FDA to Start Testing for Glyphosate in Food!
Thirty years ago, a committee from the EPA determined that glyphosate might cause cancer, but then a couple years later, they reversed their decision. Given the growing public concern over its use and after the WHO’s cancer experts declared the chemical a potential human carcinogen, the issue is back. And because of this, the FDA is set to begin testing certain foods for glyphosate residue.
The FDA has called the issue sensitive and won’t provide details on how (or when) they are going to test but did say the following: “The agency is now considering assignments for Fiscal Year 2016 to measure glyphosate in soybeans, corn, milk, and eggs, among other potential foods,” reports Civil Eats. As soybeans and corn are two of the most commonly grown GMO’s that are sprayed with glyphosate (and a “foundation” food of many processed items), this is a good place to start.
Interestingly, the FDA and USDA routinely test foods for pesticide residues but skip glyphosate testing because they claim it is too expensive (and not necessary to protect public health).
From the Civil Eats article:
“The start-up costs to implement selective residue methods for glyphosate at six FDA testing laboratories is pegged at about $5 million, according to a statement the FDA gave the GAO after the GAO criticized FDA for not testing for glyphosate in a 2014 audit. The GAO reported that it found multiple deficiencies in the FDA’s pesticide residue testing program, and specifically cited a failure to test for glyphosate, which the GAO called the ‘most used agricultural pesticide’.”
Glyphosate, the active ingredient in Roundup, is the most widely used herbicide in the world. Patented by Monsanto in the 1970s, it quickly became popular for its ability to kill the toughest weeds. After “Roundup Ready” crops were introduced in the mid-1990s, glyphosate use rose quickly. These plants, genetically engineered to be immune to glyphosate, could be directly sprayed with the herbicide, by the farmer. I can remember my Dad giving me the spray bottle of Roundup to use in the front yard. No one batted an eye. I shudder to think of it now.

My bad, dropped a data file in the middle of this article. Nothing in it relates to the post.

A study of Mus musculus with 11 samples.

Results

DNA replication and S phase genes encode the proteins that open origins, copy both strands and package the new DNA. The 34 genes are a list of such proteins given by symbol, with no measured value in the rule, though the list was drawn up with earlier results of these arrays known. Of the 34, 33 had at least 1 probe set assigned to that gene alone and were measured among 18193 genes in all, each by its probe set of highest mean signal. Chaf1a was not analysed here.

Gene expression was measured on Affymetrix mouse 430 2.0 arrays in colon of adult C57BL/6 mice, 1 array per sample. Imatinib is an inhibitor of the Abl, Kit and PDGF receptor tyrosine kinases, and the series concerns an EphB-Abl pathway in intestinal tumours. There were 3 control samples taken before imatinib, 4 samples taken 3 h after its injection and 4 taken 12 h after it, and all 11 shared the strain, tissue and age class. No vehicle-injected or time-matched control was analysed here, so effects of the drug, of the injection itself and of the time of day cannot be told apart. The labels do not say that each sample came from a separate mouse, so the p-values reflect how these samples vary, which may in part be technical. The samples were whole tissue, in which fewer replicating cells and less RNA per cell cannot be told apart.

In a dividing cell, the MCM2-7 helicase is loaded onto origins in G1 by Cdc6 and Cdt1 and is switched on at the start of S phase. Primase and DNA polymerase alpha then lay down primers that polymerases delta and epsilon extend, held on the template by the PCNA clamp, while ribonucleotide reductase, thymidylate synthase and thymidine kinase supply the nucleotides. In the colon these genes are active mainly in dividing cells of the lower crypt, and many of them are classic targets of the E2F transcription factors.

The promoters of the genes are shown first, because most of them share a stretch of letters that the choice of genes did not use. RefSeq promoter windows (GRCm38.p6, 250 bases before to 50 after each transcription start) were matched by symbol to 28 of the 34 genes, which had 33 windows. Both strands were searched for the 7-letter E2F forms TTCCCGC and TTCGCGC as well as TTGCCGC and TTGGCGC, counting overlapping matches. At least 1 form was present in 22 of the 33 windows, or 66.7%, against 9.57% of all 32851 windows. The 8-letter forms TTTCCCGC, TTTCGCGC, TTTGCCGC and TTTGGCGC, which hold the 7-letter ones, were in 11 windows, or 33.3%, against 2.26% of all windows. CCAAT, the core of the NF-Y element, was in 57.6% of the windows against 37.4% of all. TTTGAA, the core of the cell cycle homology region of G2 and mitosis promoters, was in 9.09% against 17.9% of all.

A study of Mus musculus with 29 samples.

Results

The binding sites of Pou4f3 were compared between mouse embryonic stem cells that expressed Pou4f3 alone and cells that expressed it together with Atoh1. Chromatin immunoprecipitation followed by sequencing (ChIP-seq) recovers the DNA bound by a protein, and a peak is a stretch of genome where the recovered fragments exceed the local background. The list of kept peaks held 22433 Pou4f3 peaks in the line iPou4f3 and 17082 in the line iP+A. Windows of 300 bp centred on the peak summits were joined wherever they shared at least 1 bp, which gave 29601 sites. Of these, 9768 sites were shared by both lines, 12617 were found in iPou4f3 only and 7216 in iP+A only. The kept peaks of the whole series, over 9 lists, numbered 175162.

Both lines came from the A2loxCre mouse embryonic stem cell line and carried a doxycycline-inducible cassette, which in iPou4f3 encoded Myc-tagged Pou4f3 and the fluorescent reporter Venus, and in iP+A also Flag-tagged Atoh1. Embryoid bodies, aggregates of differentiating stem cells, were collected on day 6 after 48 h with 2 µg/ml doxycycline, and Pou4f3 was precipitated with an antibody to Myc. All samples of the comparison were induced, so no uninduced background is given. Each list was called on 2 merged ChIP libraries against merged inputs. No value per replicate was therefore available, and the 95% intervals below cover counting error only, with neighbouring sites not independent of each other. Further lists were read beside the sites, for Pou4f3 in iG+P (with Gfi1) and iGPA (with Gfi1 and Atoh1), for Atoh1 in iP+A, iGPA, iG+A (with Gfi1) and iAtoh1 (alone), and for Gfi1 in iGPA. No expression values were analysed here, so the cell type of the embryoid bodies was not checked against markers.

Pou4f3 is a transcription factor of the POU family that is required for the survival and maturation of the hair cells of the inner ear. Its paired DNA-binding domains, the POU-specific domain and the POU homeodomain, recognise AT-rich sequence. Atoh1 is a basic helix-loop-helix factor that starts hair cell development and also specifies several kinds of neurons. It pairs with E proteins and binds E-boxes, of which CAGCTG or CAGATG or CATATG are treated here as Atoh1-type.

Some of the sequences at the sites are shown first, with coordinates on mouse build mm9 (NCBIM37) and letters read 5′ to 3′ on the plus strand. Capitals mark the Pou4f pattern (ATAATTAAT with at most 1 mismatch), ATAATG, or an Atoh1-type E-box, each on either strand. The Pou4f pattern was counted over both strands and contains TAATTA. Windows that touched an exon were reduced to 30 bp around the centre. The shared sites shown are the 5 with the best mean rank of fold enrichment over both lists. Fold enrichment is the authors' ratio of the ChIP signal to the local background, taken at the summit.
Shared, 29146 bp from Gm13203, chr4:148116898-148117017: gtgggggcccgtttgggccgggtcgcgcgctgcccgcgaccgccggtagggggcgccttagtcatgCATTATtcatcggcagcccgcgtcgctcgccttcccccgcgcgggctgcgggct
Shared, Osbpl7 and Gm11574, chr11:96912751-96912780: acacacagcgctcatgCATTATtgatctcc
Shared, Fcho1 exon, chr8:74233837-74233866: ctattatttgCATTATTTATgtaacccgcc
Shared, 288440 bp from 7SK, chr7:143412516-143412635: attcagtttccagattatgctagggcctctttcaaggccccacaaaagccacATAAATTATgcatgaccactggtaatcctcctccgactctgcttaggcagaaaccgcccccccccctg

Monsanto makes about $5 billion annually from glyphosate, so they have a considerable amount of skin in the game. The company says that there is no valid evidence that links glyphosate to disease or illness and that trace amounts of the herbicide shouldn’t be feared. However, critics say several studies show the opposite, linking glyphosate to human health ailments like non-Hodgkin lymphoma and kidney and liver problems. In fact, over the last couple of years, private companies and consumer groups have had their own testing done and claim to have found glyphosate residue in breast milk, honey, cereal, wheat flour, soy sauce, infant formula and still other substances.
Reflecting on the possibility of FDA testing for glyphosate residues, Monsanto had this to say:
“While FDA hasn’t officially confirmed to us that they plan to move forward with residue testing, glyphosate’s 40-year history of safe use has been upheld by the U.S. EPA and regulators around the world following decades of study and review. No data have ever indicated residue levels of more than a fraction of EPA’s very conservative Allowable Daily Intake or any level of concern. If FDA does move forward with additional testing in a scientifically rigorous manner, we are confident it will reaffirm the long-standing safety profile of this vital tool used safely and effectively by farmers, landowners and homeowners around the world.”
Oh my. We shall see Monsanto. We shall see.
Health Nuts, you know we will be watching this closely.